How i grew into rap music
50 Cent - In Da Club
When i was a young boy, i grew up listening to rap on the radio. I was exposed to many different artists such as Eminem, 50 Cent, Lil John, Bone Crusher, the list goes on. They would play it over and over again on the school bus as i went to school that i got tired of hearing it. Finally, i decided to enjoy it. Since almost all of my friends did, i might as well too. I would play them on the radio then rap along. I was surprised at the sensual and violent content of the songs, but i realized it was the norm. I grew up hearing gangsta rappers using trap beats blast out of cars.
Soon enough, i began freestyling with friends in the neighborhood and school. Of course people thought i was garbage since i was rapping nonsense. My interest finally came to a rest when my mom told me to turn off the radio. She sat down with me and told me that rap wasn't good for me. Believing in her wisdom, i stopped liking rap.
I went on for many years hating rap when deep down, i secretly liked it. I believed that rap was foolish, talentless, immature, and horrible noise. I believed it took no talent for a guy to just talk over a repetitive beat. Rap wasn't music. Real music consisted of genres such as classical music, heavy metal, rock, and so on. Musicians were people who studied music in school. They could distinguish between many different notes, rhythm, melody, pitch, and tone. Music was eloquent and it took precision followed by dedication. For a guy to just jump into the studio and run his mouth into a mic then call it music was laughable.
Surprisingly, i listened to a few rap songs and i enjoyed them. They had rhythm, tone, melody, pitch, and catchy lyrics. Little by little, i listened to various rappers over time. It didn't matter if they were mainstream or not. Did they study music theory? No. Did they have the patience and willpower to practice playing instruments at a university? No. Did it matter? No. I strayed away from the arrogance of those who think their genre of music is superior to the rest.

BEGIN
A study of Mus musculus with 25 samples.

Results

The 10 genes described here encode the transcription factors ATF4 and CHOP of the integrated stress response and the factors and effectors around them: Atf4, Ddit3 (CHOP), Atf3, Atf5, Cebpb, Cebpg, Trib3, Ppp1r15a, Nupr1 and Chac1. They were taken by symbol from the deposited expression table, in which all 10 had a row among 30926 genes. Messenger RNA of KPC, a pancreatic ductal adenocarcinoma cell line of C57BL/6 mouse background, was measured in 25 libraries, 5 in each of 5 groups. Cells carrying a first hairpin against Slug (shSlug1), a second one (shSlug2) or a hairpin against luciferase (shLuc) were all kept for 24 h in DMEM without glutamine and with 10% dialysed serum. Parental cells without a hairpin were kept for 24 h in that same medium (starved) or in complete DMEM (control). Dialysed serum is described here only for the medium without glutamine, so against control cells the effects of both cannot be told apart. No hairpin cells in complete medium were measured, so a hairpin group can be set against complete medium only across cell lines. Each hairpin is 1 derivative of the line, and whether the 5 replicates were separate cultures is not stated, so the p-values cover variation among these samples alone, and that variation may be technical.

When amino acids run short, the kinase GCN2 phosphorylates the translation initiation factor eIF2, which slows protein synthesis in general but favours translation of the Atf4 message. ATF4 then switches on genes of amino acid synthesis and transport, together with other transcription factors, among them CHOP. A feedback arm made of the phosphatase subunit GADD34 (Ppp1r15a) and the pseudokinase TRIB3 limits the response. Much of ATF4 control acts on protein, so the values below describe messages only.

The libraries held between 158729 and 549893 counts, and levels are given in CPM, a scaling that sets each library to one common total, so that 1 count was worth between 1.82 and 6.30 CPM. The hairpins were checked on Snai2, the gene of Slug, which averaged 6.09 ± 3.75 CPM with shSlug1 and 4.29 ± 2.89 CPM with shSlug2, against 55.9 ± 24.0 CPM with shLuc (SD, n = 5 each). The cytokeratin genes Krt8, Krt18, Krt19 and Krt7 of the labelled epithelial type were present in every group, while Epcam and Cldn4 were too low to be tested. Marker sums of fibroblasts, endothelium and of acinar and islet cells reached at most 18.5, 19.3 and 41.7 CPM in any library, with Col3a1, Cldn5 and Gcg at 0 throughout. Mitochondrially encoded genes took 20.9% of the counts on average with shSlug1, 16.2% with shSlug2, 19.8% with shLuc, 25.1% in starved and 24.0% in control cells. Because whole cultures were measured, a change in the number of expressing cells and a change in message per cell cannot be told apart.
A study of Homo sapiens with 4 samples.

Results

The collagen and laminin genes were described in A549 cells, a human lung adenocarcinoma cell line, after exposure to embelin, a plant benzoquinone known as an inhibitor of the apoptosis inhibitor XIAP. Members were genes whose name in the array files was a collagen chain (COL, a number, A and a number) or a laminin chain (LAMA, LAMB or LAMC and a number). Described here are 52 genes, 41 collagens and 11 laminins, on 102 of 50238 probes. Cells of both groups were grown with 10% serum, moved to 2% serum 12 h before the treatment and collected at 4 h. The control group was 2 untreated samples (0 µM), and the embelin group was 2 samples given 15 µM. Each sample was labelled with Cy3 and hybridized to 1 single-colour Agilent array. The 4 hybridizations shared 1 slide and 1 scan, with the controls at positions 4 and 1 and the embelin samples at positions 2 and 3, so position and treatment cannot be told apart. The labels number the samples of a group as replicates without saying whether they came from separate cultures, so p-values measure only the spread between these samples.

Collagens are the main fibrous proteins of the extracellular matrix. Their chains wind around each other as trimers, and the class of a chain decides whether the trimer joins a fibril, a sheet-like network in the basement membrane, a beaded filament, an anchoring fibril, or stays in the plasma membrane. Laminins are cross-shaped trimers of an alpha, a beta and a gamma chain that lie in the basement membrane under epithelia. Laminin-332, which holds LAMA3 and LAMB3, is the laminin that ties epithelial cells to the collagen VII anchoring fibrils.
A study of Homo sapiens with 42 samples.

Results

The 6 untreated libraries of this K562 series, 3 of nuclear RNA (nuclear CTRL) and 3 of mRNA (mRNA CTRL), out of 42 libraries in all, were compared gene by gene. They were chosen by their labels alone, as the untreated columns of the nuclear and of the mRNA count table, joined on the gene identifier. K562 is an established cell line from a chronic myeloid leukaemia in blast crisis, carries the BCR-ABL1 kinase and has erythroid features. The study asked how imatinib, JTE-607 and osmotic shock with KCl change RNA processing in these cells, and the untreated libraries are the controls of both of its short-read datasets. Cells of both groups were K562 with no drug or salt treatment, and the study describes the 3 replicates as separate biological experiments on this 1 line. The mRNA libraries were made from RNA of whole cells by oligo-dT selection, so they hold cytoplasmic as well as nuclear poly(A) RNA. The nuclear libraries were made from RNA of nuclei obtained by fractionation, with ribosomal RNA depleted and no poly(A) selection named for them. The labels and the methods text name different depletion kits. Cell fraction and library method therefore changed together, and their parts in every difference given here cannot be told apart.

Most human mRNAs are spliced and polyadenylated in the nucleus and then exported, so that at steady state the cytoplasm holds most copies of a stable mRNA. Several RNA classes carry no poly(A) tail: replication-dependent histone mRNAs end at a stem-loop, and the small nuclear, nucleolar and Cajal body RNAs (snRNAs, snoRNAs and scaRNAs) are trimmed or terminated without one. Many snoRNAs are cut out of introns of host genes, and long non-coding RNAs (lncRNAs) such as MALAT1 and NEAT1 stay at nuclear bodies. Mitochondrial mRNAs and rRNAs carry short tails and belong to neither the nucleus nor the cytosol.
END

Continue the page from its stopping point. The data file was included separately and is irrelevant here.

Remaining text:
Rap is a unique genre of its own. I learned that rap did involve rhythm, tone, pitch, melody, and the like. Rap is spoken poetry and to be a poet, you needed to read and write. Anyone can be a rapper, but few can reach their fullest potential as an artist. Only the best took the time writing lyrics and perfecting the art of rhymes. Only the best practiced freestyling endlessly, perfecting their mistakes. The best rappers had a unique tone of voice and presence. They practiced vocally projecting their voice and creatively structured their lyrics. They educated themselves by reading about many different literary devices.
Eminem - When I'm Gone
Slowly but steadily, i came to embrace rap. Because it was readily accessible to anyone willing to learn. You didn't need an education or special instruments. You didn't need training. You just needed to pick up a pen, paper, and start writing then vocalize your lyrics. At anywhere and anytime, you could make a beat by banging on a table then freestyle. Ultimately, rap changed my entire life and taught me that music is more than meets the eye.